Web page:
Thursday, July 29, 2010

The Kids Wanna Rock

"Turned on the radio
Sounded like a disco
Musta turned the dial for a couple of miles
But I couldn't find no rock n' roll

This computerized crap ain't gettin' me off
Everywhere I go - the kids wanna rock" - Bryan Adams

First off, just wanted to remind everyone that the band folk and I will be playing some new jams and some old faves at Pete's Candy Store in Brooklyn this coming Monday night (8/2, 8p) as we celebrate (somewhat belatedly) the release of my newest long player, "Queens English". If you're free, please join us as we make a racket in the back room then retire to Pete's awesome garden for a mid-summer night's libation under the stars. Details below -

Mark Bacino
Mon. August 2, 2010 - 8pm

Pete's Candy Store

709 Lorimer Street

Brooklyn, NY 11211

*Free Admission*

Lastly, in quick literary transition from live to Memorex -
It struck me this week, in a wave of randomness, just how much I rely upon YouTube vids these days while investigating new musical finds. After, say, reading about a new band or artist, I find myself, almost reflexively, hitting my YouTube browser tab long before heading to iTunes, MySpace, etc. Usually I find your standard issue, MTV-era, bells and whistles video or a DIY Flip Cam vid but sometimes I land on a fan made clip, as I'm sure you have, consisting of nothing more than a tune from the band in question along with a static picture lasting the entire duration of the song. You would think given the obvious nature of YouTube as a visual platform this would be a detriment to the video's popularity but often I find these "static" vids to have thousands of plays. Go figure - The fascinating nexus of YouTube as Web 2.0 jukebox and modern man's uncanny ability to bend technology toward never intended uses coupled with his timeless need to simply get his groove on.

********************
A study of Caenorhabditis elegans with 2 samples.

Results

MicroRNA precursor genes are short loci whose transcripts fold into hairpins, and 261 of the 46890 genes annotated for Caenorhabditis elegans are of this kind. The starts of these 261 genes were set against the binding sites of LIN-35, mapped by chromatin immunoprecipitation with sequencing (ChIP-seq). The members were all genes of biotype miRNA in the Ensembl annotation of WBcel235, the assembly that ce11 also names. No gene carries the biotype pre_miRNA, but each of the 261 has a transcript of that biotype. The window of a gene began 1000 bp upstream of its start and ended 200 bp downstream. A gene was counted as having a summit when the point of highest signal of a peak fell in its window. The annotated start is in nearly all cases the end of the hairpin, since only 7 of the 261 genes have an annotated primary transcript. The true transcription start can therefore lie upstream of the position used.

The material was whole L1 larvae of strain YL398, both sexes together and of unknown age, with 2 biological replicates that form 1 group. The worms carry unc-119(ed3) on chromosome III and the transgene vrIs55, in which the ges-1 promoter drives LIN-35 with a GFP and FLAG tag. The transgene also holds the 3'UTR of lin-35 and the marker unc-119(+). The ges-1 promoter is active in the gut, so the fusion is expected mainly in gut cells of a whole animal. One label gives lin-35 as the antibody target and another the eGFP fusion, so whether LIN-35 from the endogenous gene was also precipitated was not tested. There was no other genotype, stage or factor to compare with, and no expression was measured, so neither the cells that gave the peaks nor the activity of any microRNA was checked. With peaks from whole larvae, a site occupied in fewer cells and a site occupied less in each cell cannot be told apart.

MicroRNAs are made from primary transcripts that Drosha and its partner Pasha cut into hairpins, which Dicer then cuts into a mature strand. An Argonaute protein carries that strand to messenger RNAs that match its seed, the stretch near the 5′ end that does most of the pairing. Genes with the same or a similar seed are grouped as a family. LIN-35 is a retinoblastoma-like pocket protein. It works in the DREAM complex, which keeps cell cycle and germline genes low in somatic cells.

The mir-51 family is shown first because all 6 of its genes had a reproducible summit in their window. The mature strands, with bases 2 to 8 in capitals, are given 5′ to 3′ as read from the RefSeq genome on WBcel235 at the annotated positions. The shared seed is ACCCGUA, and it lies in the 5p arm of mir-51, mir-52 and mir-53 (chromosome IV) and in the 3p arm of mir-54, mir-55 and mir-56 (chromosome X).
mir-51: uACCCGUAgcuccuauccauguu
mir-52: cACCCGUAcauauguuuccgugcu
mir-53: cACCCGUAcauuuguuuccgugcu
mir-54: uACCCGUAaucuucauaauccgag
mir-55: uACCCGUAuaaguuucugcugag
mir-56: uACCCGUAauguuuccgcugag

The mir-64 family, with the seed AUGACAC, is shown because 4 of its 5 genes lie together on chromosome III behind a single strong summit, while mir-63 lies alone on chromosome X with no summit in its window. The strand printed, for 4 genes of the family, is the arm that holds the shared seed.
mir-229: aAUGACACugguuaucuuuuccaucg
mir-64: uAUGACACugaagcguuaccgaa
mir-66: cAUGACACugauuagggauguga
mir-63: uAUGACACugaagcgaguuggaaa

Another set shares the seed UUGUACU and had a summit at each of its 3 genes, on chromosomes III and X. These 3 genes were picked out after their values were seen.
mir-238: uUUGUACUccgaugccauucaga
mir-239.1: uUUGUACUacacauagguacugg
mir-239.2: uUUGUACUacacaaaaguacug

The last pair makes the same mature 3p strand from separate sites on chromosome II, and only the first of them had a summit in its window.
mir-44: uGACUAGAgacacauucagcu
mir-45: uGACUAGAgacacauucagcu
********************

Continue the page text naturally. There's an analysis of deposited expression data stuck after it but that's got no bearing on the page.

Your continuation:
It's with all these lofty concepts in mind that I thought it might be fun to post some music from my new album in simple, YouTube neo-jukebox form -

I suppose no matter the medium, the kids still wanna rock.

A wise Canuck that Mr. Adams, no?


Wednesday, July 14, 2010


One of my all time faves, Prince, recently declared that the "Internet's completely over" in a UK Daily Mirror piece. Of course he's totally wrong and of course the statement is probably just a way for the purple one to generate heat around his new album release (which The Daily Mirror just happens to be distributing free with it's paper) but I have to admit, all technological naivete/publicity stunts aside, in a roundabout way I kind of get what Prince might be saying.

Now don't get me wrong, I'm no luddite; having logged onto the interwebs myself for the first time back in '94 and surrounding myself daily with a bevy of computers, audio equipment and iPhones. Certainly the net is one of the greatest tools ever invented (thanks Al Gore) and we've yet to even scratch the surface, but like every piece of technology that has a profound affect on mankind, it, of course, has it's benefits and it's drawbacks. I guess what I'm trying to say is the web, at least for me, is sometimes like my Uncle Milt; love 'em, great fun, knows a heck of a lot about stuff but at times is just a tad removed from reality and, well, a bit much.

This weekend past, my wife and I accompanied my young son to one of his schoolmate's birthday parties. Although we knew the birthday boy's parents a bit, we were suddenly thrust into a totally foreign social-circle, spending the afternoon getting to know a bunch of flesh and blood strangers face to face. After the initial handshake awkwardness passed I found myself having the kind of fun Facebook could never hope to provide.

Maybe Prince is still a genius after all.

(For a laugh, click here to visit an archive of my first website created circa 1997 and inspired by the ridiculous promo picture of me above).